After months of protests calling for police reform and racial justice in the Southern Tier, local activists expressed frustration with Broome County’s proposed legislation of addressing these issues.

Representatives from Justice and Unity for the Southern Tier (JUST), an organization committed to ending mass incarceration and unjust policing in the Southern Tier, held a press conference on Thursday outside the Broome County Office Building in Downtown Binghamton. The speakers denounced the Broome County Police Reform and Reinvention Collaborative plan, set to be approved at 5 p.m. over Zoom the same day.

The plan is six sentences long and was released in accordance with New York State Gov. Andrew Cuomo’s mandate that local governments develop a plan for police reform. It promises to hire a more diverse team of law enforcement professionals, expand mental health and substance abuse treatment services, provide training for civil service examinations and increase community engagement with the Broome County Sheriff’s Office.

For local activists, the plan represents stagnation rather than reform. Andy Pragacz, visiting assistant professor of sociology and anthropology at SUNY Cortland, a Ph.D. candidate in sociology at BU and a member of JUST, said the plan does not reflect community demands for divestment from the police and investment in alternative programs.

“[Binghamton has] a long history of misusing the criminal-legal system to address our community’s most pressing structural problems,” Pragacz said. “There are only two substantive proposals discussing mental health and substance use. These would involve the criminal-legal system, a system that so far has proved totally inadequate at addressing these issues.”

For Pragacz, the plan’s failings stem from a lack of community input in the plan. Pragacz said the task force charged with creating the plan did not include community organizations like JUST. Although the group held sessions for public comment, Pragacz said he felt these events were poorly publicized sessions in which individuals could speak for a maximum of three minutes.

“It was supposed to be a democratic process that involved all communities and all stakeholders,” Pragacz said. “Instead, they chose a clique of government insiders drawn from governmental agencies that are already indebted to a system that criminalizes poverty, mental health and substance abuse.”

Mani Griffin, 29, a Johnson City resident and speaker at the press conference, said it is important that reform efforts, like the one in Binghamton, include people from the community.

“I am a person of color,” Griffin said. “My [5-year-old] daughter doesn’t feel safe whenever she sees a police officer or if I get pulled over for driving while Black. She is scared for her life. If we continue to be ignored, the problems are going to continue to manifest. The process for this police reform wasn’t inclusive, and it was meant to keep our voices from being heard.”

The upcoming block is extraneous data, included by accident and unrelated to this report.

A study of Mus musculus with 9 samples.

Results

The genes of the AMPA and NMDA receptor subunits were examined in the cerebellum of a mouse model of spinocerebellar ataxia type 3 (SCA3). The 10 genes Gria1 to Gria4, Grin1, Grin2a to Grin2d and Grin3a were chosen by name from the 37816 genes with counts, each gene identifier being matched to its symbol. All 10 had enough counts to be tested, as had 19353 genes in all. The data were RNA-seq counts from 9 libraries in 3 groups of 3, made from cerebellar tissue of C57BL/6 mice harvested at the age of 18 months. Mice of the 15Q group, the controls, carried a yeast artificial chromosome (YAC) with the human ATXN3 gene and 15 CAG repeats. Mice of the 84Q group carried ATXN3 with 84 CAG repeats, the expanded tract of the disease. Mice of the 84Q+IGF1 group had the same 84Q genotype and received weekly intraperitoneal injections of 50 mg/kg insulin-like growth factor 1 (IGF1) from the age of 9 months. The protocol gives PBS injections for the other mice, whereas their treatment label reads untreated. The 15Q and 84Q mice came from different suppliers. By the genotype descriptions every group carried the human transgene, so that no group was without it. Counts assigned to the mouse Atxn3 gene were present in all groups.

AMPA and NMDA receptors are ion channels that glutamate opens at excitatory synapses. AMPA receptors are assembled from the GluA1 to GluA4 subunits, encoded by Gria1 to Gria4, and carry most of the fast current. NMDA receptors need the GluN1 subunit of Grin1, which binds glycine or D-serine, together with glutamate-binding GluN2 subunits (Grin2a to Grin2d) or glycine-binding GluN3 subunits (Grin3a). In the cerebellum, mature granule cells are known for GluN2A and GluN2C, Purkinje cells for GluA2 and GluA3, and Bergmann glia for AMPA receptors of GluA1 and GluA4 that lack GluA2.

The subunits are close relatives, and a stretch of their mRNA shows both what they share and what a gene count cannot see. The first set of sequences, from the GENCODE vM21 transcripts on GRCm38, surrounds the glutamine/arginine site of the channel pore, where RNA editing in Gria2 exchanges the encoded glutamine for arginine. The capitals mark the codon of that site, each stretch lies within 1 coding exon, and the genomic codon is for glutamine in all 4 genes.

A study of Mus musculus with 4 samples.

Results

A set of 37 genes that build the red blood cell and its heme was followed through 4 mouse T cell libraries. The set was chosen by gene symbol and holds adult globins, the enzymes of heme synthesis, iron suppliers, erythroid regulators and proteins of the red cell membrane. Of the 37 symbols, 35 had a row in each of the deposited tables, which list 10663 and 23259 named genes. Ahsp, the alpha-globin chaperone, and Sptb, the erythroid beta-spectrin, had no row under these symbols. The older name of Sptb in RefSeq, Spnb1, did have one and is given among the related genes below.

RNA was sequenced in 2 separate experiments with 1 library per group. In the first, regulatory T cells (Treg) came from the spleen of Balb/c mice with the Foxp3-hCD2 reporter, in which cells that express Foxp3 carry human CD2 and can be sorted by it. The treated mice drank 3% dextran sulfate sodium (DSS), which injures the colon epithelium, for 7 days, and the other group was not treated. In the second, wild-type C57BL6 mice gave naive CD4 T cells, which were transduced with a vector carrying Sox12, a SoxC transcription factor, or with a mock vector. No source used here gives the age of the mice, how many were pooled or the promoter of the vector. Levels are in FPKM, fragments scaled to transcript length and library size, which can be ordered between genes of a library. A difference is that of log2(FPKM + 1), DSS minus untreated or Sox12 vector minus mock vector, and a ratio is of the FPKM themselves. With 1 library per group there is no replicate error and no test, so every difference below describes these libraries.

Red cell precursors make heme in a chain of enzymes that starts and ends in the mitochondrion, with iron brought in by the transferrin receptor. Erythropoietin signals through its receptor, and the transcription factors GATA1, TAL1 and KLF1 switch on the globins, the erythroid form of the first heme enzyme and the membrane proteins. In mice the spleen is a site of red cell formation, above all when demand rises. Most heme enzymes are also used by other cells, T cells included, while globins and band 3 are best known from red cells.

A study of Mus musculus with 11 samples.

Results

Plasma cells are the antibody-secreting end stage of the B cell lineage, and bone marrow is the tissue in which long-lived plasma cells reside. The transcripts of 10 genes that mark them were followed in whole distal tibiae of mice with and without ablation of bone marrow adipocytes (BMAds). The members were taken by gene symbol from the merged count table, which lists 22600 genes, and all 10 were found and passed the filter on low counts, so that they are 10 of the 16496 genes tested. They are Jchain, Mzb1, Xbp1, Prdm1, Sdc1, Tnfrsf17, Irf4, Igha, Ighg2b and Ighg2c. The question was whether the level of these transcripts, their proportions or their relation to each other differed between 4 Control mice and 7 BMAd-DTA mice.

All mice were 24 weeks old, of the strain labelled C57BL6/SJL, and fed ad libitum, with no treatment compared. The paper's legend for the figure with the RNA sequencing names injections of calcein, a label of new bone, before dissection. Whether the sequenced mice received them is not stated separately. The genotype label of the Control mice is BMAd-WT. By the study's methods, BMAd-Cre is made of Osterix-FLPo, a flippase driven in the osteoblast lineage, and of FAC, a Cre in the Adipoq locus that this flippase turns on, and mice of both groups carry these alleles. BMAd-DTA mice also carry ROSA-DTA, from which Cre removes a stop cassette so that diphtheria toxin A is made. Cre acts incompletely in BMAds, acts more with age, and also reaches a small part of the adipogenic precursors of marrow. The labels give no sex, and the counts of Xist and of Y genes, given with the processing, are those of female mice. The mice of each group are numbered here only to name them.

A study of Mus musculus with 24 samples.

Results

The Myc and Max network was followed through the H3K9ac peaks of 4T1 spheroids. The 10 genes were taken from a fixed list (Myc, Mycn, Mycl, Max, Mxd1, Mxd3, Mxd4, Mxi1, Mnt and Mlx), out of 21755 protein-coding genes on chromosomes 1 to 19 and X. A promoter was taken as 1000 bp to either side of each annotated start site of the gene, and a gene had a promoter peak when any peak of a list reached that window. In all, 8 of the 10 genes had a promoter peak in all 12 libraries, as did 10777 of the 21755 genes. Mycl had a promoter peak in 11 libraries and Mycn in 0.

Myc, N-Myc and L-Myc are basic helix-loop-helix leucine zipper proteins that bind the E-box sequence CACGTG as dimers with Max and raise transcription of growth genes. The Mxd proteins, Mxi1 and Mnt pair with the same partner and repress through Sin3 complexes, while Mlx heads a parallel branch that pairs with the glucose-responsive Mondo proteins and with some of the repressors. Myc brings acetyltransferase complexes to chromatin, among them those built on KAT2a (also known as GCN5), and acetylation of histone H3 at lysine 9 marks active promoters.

Tina Chronopoulos, a speaker at the press conference and an associate professor of classical and near eastern studies at BU, said she agreed that the Broome County police reform plan failed to reconcile with racism and classism in policing.

“This has been a missed opportunity across the entire state,” Chronopoulos said. “Law enforcement in this country has a long history based in slave patrols in the 19th century. It’s based on coming down hard on worker’s unions who were fighting … to gain worker’s rights. Racism and classism are entrenched in law enforcement.”

Four hours after the press conference, the Broome County Legislature met via Zoom to approve the plan. Griffin and Chronopoulos held signs up to their screens that read, “Your police reform plan is an affront to the community” and “Reject Sheriff’s Reform ‘Proposal.’”

Despite the protest, the legislature passed the Broome County Police Reform and Reinvention Collaborative plan with a vote of 11 to four.

Pragacz said that given Broome County’s Republican-dominated legislature, JUST and similar organizations had anticipated the approval of the plan. Though they were unable to change the political outcome, Pragacz said he hopes their advocacy will spread awareness about the plan’s failings.

“What we’re here to do today is to let the people of Broome County know what is happening behind closed doors without their input,” Pragacz said. “We’re going to keep putting out information about what’s happening in policing and criminal justice here in this county, and we’re going to keep advocating at the state, local and county levels.”